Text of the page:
Free Games With Micro-Transactions: Brave New World or Passing Fad?

Micro-transactions -- it's the word that describes the $1 to $40 for items that you buy to enhance a free, or "freemium" game. For example, if you want to get a leg up in the free-to-play Facebook game FarmVille, you can spend up to 40 real dollars for in-game virtual coins that can be used to buy rare items and more for your virtual farm.

That idea of paying for virtual goods in small increments has turned into a huge trend that's gaining a foothold in the United States (it has actually been big in Korea for years). Popular music games like Guitar Hero and Rock Band have been doing this successfully for a few years, offering additional songs for $1.99 a download via Xbox Live, Nintendo Wii and PlayStation Network.

Zynga and Playfish, the forces behind games like Pet Society, Mafia Wars and FarmVille, have also found that people are willing to pay a few dollars to enhance their social game experience. A Mafia Wars product manager told us last week that a significant portion of Zynga's income comes from these micro-transactions.A recent survey also backs up this data, finding that over half of players spent cash on virtual items last year. Roughly 1/4 of those surveyed spent money on virtual goods in social games and 1/3 bought items in otherwise free massively multiplayer online (MMO) games.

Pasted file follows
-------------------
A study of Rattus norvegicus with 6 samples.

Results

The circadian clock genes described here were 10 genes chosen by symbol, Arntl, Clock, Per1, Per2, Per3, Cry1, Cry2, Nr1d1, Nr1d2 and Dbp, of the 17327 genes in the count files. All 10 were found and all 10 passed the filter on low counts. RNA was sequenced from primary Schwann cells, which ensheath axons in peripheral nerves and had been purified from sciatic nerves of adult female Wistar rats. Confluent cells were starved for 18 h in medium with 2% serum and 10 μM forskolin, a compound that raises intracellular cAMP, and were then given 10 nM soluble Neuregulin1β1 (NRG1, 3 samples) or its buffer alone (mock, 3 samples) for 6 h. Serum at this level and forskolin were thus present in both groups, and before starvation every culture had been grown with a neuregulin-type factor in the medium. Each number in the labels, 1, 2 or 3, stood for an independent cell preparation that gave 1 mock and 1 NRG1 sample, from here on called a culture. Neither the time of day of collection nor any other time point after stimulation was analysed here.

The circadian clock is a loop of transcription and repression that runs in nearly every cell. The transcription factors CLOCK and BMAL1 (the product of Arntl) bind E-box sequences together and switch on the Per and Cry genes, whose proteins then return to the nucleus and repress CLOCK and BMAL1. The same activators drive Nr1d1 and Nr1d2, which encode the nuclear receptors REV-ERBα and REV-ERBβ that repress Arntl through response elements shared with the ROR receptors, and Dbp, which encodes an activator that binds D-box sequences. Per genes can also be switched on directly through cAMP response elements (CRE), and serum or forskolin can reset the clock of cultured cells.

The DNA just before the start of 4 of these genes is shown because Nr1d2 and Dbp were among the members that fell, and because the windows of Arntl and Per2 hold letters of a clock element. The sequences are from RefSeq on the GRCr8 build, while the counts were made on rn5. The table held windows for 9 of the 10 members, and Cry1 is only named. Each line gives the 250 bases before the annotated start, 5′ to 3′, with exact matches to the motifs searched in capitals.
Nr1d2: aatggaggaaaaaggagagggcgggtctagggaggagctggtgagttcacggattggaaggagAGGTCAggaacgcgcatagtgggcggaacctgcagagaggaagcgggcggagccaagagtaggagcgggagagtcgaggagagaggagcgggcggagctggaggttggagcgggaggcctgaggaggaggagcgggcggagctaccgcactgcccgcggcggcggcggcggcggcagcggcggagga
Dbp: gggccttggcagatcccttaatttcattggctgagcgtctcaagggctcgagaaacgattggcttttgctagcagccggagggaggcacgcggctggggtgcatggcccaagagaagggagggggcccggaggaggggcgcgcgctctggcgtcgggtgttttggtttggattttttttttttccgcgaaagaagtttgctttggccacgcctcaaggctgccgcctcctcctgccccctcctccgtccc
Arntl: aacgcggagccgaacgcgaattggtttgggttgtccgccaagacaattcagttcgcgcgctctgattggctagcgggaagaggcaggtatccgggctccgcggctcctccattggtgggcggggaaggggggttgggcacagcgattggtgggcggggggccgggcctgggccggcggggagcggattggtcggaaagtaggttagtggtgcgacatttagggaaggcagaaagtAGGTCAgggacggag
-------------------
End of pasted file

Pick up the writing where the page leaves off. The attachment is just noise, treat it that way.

The big question remains: will people's willingness to pay for virtual goods change free games forever? Or is this just a fad? Playfish COO Sebastian de Halleux, naturally, says micro-transactions are here to stay.

"I think we'll see continued investment in different payment options -- mobile phone payments, and prepaid game cards for example -- because users are demonstrating that they'll pay cash for these experiences," de Halleux says in a interview. "But you never have to pay up front; the games are supported with ads so that the people that don't want to spend, can still enjoy."

For now, the millions addicted to Pet Society and FarmVille can breathe a sigh of relief -- your favorite social games will still be free to play ... for now. We wonder how fascinating harvesting pineapples and collecting cow's milk would be if we had to pay for the privilege.